Mass. Companies Get $27 M To Develop Clean Cars

By Sarah Birnbaum

Aug. 11, 2011

A Nissan Leaf charges in Portland, Ore. The government recently awarded millions of dollars in grants to develop technology for electric and other "green" cars. (AP)

BOSTON — Massachusetts companies will receive about $27 million dollars from the federal government to help improve fuel efficiency technologies for next generation cars.

The U.S. Department of energy says it’s awarding more than $175 million to  spur clean-auto technology and the production of advanced car batteries. The funding will go to 40 projects in 15 states, including eight projects in Massachusetts.
Natick company Metal Oxygen Separation Technologies won a $6 million grant. CEO Steve Derezinski says the money will go to developing a cheaper and greener way to manufacture magnesium metal.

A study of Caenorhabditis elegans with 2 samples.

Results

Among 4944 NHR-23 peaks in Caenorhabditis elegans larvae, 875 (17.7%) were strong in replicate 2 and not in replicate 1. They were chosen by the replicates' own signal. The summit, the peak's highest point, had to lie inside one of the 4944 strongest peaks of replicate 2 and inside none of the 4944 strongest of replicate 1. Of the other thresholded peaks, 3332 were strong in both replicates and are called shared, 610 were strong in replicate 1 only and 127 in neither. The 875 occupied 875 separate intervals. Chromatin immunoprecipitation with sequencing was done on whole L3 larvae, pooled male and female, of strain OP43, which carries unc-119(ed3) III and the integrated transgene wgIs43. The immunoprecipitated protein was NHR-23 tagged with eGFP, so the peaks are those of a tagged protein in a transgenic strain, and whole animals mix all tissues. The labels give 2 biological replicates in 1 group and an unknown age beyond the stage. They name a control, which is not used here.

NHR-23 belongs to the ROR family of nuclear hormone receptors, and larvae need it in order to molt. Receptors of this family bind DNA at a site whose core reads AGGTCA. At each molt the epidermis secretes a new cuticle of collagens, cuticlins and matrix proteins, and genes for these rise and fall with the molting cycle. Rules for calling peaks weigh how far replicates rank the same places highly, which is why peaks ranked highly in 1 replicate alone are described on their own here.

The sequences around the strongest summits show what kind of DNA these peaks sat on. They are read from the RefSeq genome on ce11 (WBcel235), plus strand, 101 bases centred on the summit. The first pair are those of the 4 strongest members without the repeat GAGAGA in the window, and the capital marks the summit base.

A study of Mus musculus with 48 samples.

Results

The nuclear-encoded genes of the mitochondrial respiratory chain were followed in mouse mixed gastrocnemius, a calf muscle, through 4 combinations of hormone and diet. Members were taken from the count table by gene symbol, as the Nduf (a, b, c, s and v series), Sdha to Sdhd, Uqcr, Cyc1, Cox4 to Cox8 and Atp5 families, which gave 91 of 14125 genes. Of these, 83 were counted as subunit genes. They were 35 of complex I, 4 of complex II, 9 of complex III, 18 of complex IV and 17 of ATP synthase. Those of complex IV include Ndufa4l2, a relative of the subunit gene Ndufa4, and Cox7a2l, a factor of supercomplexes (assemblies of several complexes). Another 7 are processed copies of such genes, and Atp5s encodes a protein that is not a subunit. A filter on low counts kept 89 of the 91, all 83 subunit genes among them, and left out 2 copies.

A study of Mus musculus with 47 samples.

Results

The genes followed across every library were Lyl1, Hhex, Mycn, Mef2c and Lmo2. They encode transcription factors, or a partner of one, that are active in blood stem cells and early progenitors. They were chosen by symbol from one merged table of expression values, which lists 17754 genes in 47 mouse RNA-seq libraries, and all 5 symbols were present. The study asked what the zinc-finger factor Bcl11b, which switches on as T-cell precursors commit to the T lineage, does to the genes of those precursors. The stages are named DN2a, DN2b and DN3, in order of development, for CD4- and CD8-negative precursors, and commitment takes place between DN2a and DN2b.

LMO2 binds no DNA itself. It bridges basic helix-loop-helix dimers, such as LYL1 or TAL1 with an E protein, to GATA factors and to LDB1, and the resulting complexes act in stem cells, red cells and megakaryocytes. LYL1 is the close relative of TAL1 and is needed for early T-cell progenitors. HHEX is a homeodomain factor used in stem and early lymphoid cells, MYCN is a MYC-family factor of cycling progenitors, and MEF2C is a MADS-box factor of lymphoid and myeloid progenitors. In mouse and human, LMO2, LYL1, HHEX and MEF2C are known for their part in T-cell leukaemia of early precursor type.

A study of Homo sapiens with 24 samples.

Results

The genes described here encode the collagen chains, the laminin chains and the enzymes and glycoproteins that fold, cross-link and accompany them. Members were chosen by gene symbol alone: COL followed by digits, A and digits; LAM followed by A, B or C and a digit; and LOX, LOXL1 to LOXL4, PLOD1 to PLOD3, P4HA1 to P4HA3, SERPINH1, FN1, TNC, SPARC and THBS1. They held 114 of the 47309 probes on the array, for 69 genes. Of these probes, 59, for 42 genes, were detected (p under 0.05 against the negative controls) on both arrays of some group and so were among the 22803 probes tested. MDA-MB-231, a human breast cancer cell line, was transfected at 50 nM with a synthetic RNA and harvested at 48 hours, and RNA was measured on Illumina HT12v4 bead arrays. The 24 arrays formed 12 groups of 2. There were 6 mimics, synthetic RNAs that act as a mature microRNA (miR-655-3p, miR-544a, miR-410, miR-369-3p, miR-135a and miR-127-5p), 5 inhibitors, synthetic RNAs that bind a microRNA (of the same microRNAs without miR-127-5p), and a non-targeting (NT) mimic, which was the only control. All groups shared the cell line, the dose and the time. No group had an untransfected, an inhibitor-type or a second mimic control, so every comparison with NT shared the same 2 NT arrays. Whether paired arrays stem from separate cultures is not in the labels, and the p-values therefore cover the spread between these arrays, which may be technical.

“The Department of energy has a goal of 55 miles per gallon now. And the best way to do that is just make the vehicles lighter. And magnesium is the lowest density engineering metal out there to make the cars lighter and more fuel efficient,” Derezinski said.
Industry analysts say finding cheaper ways of producing magnesium will make it a more viable choice for automakers,
who must meet the new fuel economy standards by 2025.
Other Massachusetts companies to receive grants include A123systems, a lithium ion battery maker in watertown, and GMZ Energy in Waltham, which is working on a device that captures heat from a car's exhaust and converts it into energy.